Canada’s new clean energy plan was unveiled on December 11, 2020. The Hydrogen Strategy for Canada came out this week.
Every region of Canada has the potential to produce hydrogen, from several different sources.
Will hydrogen play a key role in saving Canada’s energy industry?
The Hydrogen Strategy is part of the Trudeau government’s bold bet that voters will support a clean energy push going into an election in 2021.
Most people are focused on the debate about a national carbon tax. But the Hydrogen Strategy for Canada is a key component.
EU leaders are pushing green hydrogen very aggressively. The EU Hydrogen Strategy plans spending of up to 50 billion Euros just for electrolyzers (used to separate hydrogen from water), plus even larger amounts for clean electricity to run those units. China, Japan and others are active too.
I wrote about hydrogen in July 2020, which can be found here.
Now Canada has joined the bandwagon. Here is an excerpt from the 141-page Hydrogen Strategy:
· positioning Canada to become a world leading supplier of hydrogen technologies;
· sparking economic recovery while growing domestic low-carbon fuel production to reduce emissions for the longer term, including unique opportunities for Indigenous communities and businesses;
· generating more than 350,000 high-paying jobs nationally; and
· employing hydrogen as a key enabler to reach net-zero emissions by 2050
Source: Government of Canada
The Canadian oil and gas sector directly employs almost 200,000 people, so those jobs are significant. The total energy sector employs about 832,000.
Canada’s approach will be different from the EU as Canada will use abundant natural gas as well as nuclear power, wind and solar. Canada is the world’s fourth largest producer of natural gas.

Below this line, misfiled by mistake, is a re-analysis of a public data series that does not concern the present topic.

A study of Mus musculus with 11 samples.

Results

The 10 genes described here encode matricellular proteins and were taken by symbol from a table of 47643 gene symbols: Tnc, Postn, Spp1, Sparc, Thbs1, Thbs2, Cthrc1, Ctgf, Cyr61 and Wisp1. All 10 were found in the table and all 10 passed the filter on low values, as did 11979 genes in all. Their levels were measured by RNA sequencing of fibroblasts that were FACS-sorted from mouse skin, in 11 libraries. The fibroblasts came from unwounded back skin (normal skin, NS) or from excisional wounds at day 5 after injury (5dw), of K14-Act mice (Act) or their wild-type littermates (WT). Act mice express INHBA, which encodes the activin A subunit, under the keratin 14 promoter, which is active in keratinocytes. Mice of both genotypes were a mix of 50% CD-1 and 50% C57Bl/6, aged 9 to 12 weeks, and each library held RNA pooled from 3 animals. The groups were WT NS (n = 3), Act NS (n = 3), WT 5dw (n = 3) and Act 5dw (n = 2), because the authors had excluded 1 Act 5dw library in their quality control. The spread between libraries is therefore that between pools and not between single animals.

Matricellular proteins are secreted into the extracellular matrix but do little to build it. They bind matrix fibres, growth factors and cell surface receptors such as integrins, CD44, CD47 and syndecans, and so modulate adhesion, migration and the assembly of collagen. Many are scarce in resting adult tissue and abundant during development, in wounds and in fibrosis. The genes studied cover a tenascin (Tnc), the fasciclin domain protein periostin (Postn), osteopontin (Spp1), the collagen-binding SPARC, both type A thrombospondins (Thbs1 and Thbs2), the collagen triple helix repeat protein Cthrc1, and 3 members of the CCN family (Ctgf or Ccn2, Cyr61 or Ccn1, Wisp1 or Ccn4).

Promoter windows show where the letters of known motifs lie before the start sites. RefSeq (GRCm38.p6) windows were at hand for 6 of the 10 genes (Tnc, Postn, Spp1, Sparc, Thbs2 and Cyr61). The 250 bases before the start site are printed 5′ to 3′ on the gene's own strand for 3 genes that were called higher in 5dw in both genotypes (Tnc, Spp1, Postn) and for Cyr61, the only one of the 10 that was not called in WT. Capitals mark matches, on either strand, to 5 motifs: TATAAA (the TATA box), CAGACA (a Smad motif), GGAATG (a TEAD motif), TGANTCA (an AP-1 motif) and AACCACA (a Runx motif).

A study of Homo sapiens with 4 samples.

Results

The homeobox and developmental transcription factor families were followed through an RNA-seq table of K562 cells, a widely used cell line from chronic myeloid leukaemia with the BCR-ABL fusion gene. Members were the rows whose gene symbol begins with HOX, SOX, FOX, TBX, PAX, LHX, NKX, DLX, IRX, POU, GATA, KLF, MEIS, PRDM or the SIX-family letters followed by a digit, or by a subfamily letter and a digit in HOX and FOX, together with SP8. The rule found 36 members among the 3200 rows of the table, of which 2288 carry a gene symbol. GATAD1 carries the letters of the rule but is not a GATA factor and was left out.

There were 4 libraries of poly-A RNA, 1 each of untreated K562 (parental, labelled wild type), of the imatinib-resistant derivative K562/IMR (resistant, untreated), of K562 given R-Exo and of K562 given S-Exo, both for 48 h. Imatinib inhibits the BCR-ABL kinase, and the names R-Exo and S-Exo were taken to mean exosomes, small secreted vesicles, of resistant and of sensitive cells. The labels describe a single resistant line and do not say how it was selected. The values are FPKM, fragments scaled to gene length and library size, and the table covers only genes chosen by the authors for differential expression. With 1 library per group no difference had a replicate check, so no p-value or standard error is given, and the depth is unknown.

Hydrogen from natural gas is called “blue hydrogen” which is not as acceptable to environmentalists as “green hydrogen”.
As Mike Liebreich of Bloomberg New Energy Finance (BNEF) points out, Germany is particularly hostile to blue hydrogen, declaring that “only hydrogen produced on the basis of renewable energies is sustainable in the long term”.
Hydrogen can be extracted from natural gas, but it produces an unwelcome byproduct, carbon dioxide, unlike hydrogen from water. A significant amount of government financial support is needed to make blue hydrogen work as the carbon byproduct must be captured and used or stored.
Shell Canada operates a facility called Quest which uses a technology for Carbon Capture Utilization and Storage (CCUS). Shell says that plant can capture, use and store more than 1 million tons of CO2 per year. Another project, Alberta Carbon Trunk Line, can capture about 1.5 million tons per year.
But blue hydrogen, from surplus natural gas in Alberta, Saskatchewan and northeastern B.C., could be a big boost to an energy industry that is struggling. Governments would be willing to spend billions to make a fledgling hydrogen industry into something substantial.
It will come down to cost. The cost of blue hydrogen depends in part on the cost of CCUS while the cost of green hydrogen requires an abundant, cheap supply of energy from hydro, wind, solar or nuclear power to run the electrolyzers that produce hydrogen. An all-in cost of hydrogen delivered to the market of $1.50/kilogram is the ambitious target. Canada has the ability to produce all types.
BNEF estimates that hydrogen could supply about ¼ of global energy demand by 2050, as the world attempts to reach net-zero emissions. Hydrogen would be especially useful in reducing emissions in the production of cement and steel, replacing coal. The total market for hydrogen could be $2.5 to $11.7 trillion.
Canada’s oil and gas sector might have found a life-saving new venture in hydrogen production.